Grünfin Blog
Explained: What is a bond and how does it work?

Have you ever wondered what a bond is? Then, read on. Alejandro, our portfolio manager, broke it down for you to broaden your knowledge.

It’s been a rough year for bond prices. The German government’s 10-year bond is down about 10%.

So, let’s explore what a bond is and how it works.

A bond is essentially a loan you give to a government, company or other entity. In return, you receive interest and expect full principal repayment when the bond matures (ends).

A bond is usually low-risk because you are promised repayment (unlike a stock, where you’re not promised a return of investment).

You can sell a bond in the market at any time before it matures, but no price is guaranteed in this case.

Let’s use an example. Please keep in mind that the math is not this round and nice, but let’s keep it simple for illustrative purposes.

Today you buy a brand-new bond issued by the German government:

Bond price at beginning = €100

Bond interest rate = 1% fixed annually

Bond maturity = 10 years

Bond price at maturity = €100

You invest €100 and if you hold the bond for 10 years, you’ll receive interest of 1% (so €1) annually for 10 years. At the end of 10 years, Germany pays you back €100.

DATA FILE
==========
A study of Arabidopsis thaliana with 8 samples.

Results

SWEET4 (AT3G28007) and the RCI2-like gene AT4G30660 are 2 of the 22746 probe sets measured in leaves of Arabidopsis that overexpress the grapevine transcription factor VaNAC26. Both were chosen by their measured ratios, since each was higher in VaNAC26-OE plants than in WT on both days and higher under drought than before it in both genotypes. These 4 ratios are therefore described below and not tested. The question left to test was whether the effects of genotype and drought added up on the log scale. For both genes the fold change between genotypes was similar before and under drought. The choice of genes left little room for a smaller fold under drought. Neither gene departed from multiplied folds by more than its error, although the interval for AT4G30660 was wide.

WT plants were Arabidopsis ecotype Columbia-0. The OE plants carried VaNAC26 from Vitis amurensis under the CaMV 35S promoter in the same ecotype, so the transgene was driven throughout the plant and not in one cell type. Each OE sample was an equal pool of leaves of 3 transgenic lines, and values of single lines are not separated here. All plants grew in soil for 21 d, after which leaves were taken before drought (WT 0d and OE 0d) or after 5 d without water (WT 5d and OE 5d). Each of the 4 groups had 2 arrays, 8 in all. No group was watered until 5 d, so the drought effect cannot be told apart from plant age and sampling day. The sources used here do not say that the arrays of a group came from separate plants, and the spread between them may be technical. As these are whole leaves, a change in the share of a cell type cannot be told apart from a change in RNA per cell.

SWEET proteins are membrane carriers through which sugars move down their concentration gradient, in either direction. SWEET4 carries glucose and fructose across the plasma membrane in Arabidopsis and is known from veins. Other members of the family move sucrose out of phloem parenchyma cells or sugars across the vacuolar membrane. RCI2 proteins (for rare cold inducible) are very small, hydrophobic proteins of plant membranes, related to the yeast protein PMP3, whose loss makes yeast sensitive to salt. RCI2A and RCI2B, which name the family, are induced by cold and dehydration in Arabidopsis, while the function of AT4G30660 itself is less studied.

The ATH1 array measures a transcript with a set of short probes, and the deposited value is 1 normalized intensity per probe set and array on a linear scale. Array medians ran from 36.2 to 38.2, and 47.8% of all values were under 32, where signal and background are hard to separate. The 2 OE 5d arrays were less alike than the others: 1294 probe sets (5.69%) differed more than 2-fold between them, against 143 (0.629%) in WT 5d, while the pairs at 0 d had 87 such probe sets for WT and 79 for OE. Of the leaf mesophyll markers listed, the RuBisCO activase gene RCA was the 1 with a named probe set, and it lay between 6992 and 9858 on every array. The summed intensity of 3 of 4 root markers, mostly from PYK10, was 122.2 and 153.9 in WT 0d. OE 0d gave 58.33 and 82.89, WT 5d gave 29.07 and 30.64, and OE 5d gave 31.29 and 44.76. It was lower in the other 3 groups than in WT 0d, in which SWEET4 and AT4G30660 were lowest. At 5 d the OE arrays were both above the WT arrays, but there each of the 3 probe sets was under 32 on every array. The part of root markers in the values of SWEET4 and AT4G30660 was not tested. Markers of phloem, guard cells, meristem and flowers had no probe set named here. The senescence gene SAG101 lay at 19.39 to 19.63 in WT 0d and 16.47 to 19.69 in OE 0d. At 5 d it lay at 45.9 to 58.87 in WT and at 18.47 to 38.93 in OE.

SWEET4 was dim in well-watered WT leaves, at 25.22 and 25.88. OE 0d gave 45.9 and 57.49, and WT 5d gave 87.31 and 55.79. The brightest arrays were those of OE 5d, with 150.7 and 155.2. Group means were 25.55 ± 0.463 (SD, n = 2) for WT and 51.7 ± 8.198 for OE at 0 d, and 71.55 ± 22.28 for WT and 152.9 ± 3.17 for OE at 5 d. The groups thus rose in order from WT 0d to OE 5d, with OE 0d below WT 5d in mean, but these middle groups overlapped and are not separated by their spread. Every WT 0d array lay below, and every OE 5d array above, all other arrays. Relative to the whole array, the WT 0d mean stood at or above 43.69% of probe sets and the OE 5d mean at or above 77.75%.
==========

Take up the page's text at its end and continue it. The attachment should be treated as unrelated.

But throughout those 10 years, the bond price will move up and down. If market interest rates fall, the bond price rises. If interest rates rise, the bond price falls. Why?

Imagine the day after you buy that bond, inflation rises by a lot…by so much that now investors decide German bonds should pay a 2% annual interest rate instead of 1%.

You immediately want to sell the day after you bought. Germany won’t repay until year 10, so you look for a buyer in the market.

But your bond’s rate is fixed at 1%, meaning no buyer will pay you €100. Since the new buyer wants 2%, the bond price becomes €90. A 10% loss! Why?

Germany will still repay €100 to whoever owns the bond 10 years from now. So if the new buyer pays €90 today and receives €100 in 10 years, that’s a price appreciation of €1 or about 1% per year. Remember the bond also keeps paying the fixed interest of 1%. So if the new buyer adds her appreciation of 1% plus the fixed interest of 1%, she gets to that magic number of 2% per year!

Back to the real world. Germany’s 10-year interest rate has risen from -0.18% to 0.90% this year, so its bond price has fallen by about 10%.

To be clear, getting paid back at maturity is never a 100% guarantee as the bond issuer can go bankrupt and not pay. In the case of Germany, the risk of this happening is extremely low. However, the risk could be much higher with, say, a company with weak finances.

Meaning it’s important to understand the credit (bankruptcy) risk of the issuer. Sometimes bonds have other funky features like adjustable interest rates, an option for the issuer to re-buy before maturity and currency risk, among others. Make sure you understand all these risks before investing!